29 March 2006

Secretary-General Introduces Chinua Achebe, Paul Muldoon Speaking on "Use of Language in War and Peace"

NEW YORK, 28 March (UN Headquarters) -- Following is the text of today's remarks by UN Secretary-General Kofi Annan introducing Professor Chinua Achebe and Professor Paul Muldoon prior to their discussion on "The Use of Language in War and Peace":

Good afternoon, friends and colleagues.  I'm delighted to welcome you to another lecture in this series, after a rather long gap.  We did have a few distractions last year, as you probably remember.

Anyway, it's a great honour and pleasure to have two such eminent writers to resume the series.

Chinua Achebe is surely known to you all by his writings.  He is widely considered the founding father of modern African literature -- which of course means that he belongs not just to Africa, but to the world.  His groundbreaking novel Things Fall Apart is a classic of world literature.  It has been translated into 50 languages.

And his collection of poems, Beware, Soul Brother, written during the Biafran War, was the joint winner of the first Commonwealth Poetry prize in 1972.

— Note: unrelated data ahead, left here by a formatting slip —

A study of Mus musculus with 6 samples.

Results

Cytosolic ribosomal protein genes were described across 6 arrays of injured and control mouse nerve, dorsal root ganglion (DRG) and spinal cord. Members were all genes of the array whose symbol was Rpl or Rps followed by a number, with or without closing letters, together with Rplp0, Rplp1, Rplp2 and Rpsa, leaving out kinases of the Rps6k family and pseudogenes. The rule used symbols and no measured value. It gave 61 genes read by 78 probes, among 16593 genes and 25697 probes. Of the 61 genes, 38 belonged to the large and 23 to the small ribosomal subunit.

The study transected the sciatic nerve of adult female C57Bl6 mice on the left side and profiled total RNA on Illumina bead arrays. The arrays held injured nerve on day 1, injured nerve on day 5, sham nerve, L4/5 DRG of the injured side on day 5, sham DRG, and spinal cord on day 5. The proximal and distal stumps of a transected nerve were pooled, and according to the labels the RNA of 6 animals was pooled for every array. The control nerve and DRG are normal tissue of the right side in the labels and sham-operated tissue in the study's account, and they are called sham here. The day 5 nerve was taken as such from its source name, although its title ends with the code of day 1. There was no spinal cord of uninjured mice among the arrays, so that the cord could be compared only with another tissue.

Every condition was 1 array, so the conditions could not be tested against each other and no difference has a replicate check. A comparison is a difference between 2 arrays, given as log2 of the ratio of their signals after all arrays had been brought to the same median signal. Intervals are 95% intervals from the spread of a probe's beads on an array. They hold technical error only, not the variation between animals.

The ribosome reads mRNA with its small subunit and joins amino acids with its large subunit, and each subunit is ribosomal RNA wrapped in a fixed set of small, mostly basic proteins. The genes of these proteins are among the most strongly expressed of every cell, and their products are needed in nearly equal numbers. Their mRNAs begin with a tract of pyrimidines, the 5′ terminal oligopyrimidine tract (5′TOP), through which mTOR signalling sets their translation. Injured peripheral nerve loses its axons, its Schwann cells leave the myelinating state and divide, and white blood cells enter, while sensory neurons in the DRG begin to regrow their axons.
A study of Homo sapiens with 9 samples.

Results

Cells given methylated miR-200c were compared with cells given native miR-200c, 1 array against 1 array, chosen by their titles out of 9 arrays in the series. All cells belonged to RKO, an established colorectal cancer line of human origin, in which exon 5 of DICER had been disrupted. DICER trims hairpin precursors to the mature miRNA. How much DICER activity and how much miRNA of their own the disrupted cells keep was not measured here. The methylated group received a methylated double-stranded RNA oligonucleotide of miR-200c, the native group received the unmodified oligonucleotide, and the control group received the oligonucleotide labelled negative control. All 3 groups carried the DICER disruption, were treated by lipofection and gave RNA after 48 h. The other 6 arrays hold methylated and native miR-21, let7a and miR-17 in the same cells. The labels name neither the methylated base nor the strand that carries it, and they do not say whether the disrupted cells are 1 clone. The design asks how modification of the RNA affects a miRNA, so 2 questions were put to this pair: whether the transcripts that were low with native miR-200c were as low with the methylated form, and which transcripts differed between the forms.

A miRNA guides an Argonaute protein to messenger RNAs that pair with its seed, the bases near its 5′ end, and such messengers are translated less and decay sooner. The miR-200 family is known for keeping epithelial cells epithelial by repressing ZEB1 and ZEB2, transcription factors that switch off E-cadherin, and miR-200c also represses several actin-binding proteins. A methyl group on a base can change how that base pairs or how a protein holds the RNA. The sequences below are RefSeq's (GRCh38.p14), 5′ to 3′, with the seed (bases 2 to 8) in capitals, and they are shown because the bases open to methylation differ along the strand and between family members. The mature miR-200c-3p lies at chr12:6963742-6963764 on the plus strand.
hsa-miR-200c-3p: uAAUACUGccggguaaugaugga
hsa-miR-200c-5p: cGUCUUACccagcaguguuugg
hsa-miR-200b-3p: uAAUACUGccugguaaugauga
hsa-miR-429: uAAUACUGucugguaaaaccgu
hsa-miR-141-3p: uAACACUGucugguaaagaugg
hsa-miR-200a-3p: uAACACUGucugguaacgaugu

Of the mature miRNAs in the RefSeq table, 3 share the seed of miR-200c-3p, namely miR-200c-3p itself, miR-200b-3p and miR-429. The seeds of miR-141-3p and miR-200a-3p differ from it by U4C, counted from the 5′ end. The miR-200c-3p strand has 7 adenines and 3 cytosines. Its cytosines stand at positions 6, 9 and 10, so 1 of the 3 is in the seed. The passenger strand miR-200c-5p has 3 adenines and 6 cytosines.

Paul Muldoon is yet another outstanding poet from a land of poets -- Ireland.  He published his first collection of poems when he was 20 years old.  Since then he has won many glittering awards, including the 2003 Pulitzer Prize for his book of poetry, Moy Sand and Gravel.

The Times Literary Supplement in London has described him as "the most significant English-language poet born since the Second World War."

We could not have two lecturers better qualified than these two professors, who are both masters of language, to talk to us about "the use of language in war and peace".

Language is an essential attribute of human nature.  Without it, we could not communicate any but the very simplest thoughts.  In fact, it's hard to imagine how we would think at all.

So language connects us to one another.  But, ever since the Tower of Babel, it has also divided us.  Like other forms of diversity, linguistic diversity is well worth cherishing -- because one of the great joys of human existence is learning from, and about, people who are different.  But, like other forms of diversity, it can also become a source of mistrust, misunderstanding and even hatred.

And between people who do speak the same language, words have a remarkable power, which can be used for good or ill.

So we cannot really understand our world without understanding how language is used, and for what purpose.  And no one can explain that to us better than people who have the gift of writing.  That's why I'm especially grateful to Professor Achebe and Professor Muldoon for accepting my invitation today.

They are going to speak in alphabetical order, and I have asked each of them to start with a mini-lecture of 20 minutes or less.  That should leave time for both of them to answer some questions.

Professor Achebe, you have the floor.